If we are truly living through the Great Resignation, I’m expecting that the coming months will hold a heavy release of “Future Endeavors” albums and straight-up “I Quit” albums. Early to the party is Outer Space, Iowa, the second album from Burlington-by-way-of-Portland musician Dean Gorman.
In the album’s description, Gorman writes that last year, mid-pandemic, he and his family moved from “a tiny bungalow in Portland, Oregon to a timber-frame house surrounded by 7 acres of woods just outside Burlington.” The songs on Outer Space, Iowa were all written and recorded in the basement of that timber-framed house in the months since Gorman landed in Iowa, and somehow it shows.
There are ambitious arrangements throughout the 10-song set, all of which share a wrinkled edge. (Many of the bass parts sound like they were recorded while Gorman played in waterlogged rubber boots.) The album begins with “Depression,” which sees Gorman trying out an understated Fabian-esque ballad behind soft keys and “shoop-shoop” harmonies. It appropriately sets the tone for the remainder of the album’s first side. From the dream drunk romp of “Rossi Wine” to the pop-chorus hook of “Around for Good,” Gorman keeps his musical palette condensed, neatly pledging allegiance on an alt-country altar.
But his voice and lyrics work best when pushed hard against the turned-up twang that fills the final five songs on the album. Gorman seems to know this, saving his strongest for last. This side should come with a sticker warning: “Many Big Star records were consumed during the making of this half of the album.” The quintet begins with “Wild Things,” complete with some Kurt Vile acoustic guitar melodies, stonily resonant and ever-ringing. “I Had Time” is a youthful lamentation on earlier days, when the currency of unscheduled time still beat the promise of crypto.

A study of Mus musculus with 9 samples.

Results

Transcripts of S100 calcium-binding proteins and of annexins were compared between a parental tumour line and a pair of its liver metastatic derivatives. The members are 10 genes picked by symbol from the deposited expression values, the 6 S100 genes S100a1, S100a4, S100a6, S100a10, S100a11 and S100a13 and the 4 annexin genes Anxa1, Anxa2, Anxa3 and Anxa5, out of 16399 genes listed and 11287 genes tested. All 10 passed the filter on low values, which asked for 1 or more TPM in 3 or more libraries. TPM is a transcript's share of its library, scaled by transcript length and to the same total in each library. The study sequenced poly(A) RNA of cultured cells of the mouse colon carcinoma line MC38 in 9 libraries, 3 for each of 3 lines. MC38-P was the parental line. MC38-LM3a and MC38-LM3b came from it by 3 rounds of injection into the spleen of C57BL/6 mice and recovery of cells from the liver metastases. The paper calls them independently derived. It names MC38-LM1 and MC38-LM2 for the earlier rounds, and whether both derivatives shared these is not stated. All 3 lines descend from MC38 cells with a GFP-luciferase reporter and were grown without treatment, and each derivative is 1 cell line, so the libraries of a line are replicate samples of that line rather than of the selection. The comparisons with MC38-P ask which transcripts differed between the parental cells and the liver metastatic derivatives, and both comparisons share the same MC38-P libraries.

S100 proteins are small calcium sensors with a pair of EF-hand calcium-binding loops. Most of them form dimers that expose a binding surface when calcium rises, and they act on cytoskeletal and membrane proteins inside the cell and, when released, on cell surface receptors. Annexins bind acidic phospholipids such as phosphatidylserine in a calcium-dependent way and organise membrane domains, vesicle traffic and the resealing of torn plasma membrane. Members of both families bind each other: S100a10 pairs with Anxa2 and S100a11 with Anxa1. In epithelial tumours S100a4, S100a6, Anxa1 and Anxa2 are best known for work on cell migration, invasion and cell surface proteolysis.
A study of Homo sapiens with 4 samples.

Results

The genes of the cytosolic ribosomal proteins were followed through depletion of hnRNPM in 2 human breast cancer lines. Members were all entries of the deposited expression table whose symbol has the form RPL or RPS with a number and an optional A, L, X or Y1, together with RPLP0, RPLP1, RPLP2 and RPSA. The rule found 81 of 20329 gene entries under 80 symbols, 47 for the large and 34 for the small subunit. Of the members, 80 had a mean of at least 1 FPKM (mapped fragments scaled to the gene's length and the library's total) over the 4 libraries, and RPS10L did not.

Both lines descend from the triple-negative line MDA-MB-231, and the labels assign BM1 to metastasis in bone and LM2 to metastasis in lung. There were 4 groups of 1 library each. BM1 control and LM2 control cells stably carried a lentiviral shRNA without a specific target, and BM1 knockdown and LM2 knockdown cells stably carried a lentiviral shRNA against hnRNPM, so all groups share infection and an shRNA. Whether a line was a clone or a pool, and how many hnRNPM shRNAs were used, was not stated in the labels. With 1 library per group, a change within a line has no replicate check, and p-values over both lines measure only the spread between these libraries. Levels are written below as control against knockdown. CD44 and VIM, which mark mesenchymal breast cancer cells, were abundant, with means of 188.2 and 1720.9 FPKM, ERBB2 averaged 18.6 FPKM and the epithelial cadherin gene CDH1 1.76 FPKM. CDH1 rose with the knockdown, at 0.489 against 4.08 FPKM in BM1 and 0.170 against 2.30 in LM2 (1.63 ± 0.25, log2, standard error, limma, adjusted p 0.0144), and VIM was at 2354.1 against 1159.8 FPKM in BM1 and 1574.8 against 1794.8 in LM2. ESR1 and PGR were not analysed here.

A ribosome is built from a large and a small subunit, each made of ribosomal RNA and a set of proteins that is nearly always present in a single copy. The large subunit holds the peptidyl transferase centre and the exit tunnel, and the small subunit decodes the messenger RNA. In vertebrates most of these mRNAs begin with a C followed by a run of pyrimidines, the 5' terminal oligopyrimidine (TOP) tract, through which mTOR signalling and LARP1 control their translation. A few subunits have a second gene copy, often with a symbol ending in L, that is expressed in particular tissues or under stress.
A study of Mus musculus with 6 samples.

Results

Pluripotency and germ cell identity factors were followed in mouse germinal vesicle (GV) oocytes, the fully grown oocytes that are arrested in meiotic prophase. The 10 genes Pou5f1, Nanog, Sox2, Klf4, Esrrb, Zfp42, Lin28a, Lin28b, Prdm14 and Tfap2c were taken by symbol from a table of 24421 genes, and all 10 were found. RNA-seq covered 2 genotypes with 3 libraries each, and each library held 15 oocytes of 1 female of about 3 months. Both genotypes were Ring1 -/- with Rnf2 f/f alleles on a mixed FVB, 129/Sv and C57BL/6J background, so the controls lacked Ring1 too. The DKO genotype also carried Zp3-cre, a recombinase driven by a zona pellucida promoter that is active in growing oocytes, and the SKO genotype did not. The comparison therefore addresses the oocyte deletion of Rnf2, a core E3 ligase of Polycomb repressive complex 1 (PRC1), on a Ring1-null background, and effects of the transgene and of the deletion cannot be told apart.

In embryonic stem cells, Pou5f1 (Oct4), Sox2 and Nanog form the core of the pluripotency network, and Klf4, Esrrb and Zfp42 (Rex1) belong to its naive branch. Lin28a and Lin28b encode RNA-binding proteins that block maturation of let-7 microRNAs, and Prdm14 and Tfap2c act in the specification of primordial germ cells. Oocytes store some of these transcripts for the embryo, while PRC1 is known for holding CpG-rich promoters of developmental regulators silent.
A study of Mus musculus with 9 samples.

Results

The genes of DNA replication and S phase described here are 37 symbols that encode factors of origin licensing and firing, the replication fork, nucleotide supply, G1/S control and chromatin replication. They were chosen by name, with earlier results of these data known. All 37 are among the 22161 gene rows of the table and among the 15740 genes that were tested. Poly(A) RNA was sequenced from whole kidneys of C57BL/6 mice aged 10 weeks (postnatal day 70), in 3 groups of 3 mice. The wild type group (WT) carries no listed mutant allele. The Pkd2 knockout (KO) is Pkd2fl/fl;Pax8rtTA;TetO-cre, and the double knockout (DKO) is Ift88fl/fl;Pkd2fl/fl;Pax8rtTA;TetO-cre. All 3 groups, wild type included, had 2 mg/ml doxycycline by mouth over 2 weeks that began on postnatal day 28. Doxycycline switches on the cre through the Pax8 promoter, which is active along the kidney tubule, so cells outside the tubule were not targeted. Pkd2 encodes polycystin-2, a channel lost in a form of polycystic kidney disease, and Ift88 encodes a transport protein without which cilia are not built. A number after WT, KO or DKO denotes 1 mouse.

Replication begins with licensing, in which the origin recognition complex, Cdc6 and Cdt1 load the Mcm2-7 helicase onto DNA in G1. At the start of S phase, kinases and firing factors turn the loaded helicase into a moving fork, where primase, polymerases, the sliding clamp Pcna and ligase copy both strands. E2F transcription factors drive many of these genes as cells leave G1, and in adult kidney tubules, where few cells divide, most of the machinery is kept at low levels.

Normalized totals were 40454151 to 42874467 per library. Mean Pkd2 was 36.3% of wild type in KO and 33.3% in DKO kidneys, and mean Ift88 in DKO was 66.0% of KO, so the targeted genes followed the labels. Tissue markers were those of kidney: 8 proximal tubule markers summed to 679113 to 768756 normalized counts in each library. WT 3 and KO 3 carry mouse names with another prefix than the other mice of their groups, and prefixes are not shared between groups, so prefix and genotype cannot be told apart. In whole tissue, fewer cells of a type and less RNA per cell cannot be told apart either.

I had smoke coming out of my ears
I had blood coming out of my eyes
I had strange coming out of my tongue
But I had time
On “One More Day” — in fact, throughout the album — Gorman’s piano playing is subtle and superb. Then the album ends on a travel tune that references Highway 61, wrapping things up with a straight up-and-down stunner. “A Buck and a Prayer” begins with a deer’s blood drying between a driving car’s headlights, leaving the driver stricken with guilt:
Say a little prayer for him
Not sure where praying gets you anymore
You used to sit and close your eyes
Now you just hope there’s something past the door
Don’t worry, though. It wasn’t all a waste. Gorman sings that someone came back in the night to cut off its horns. I guess that’s a little relocation, too, one I think we all can understand.
This article was originally published in Little Village’s May 2022 issue.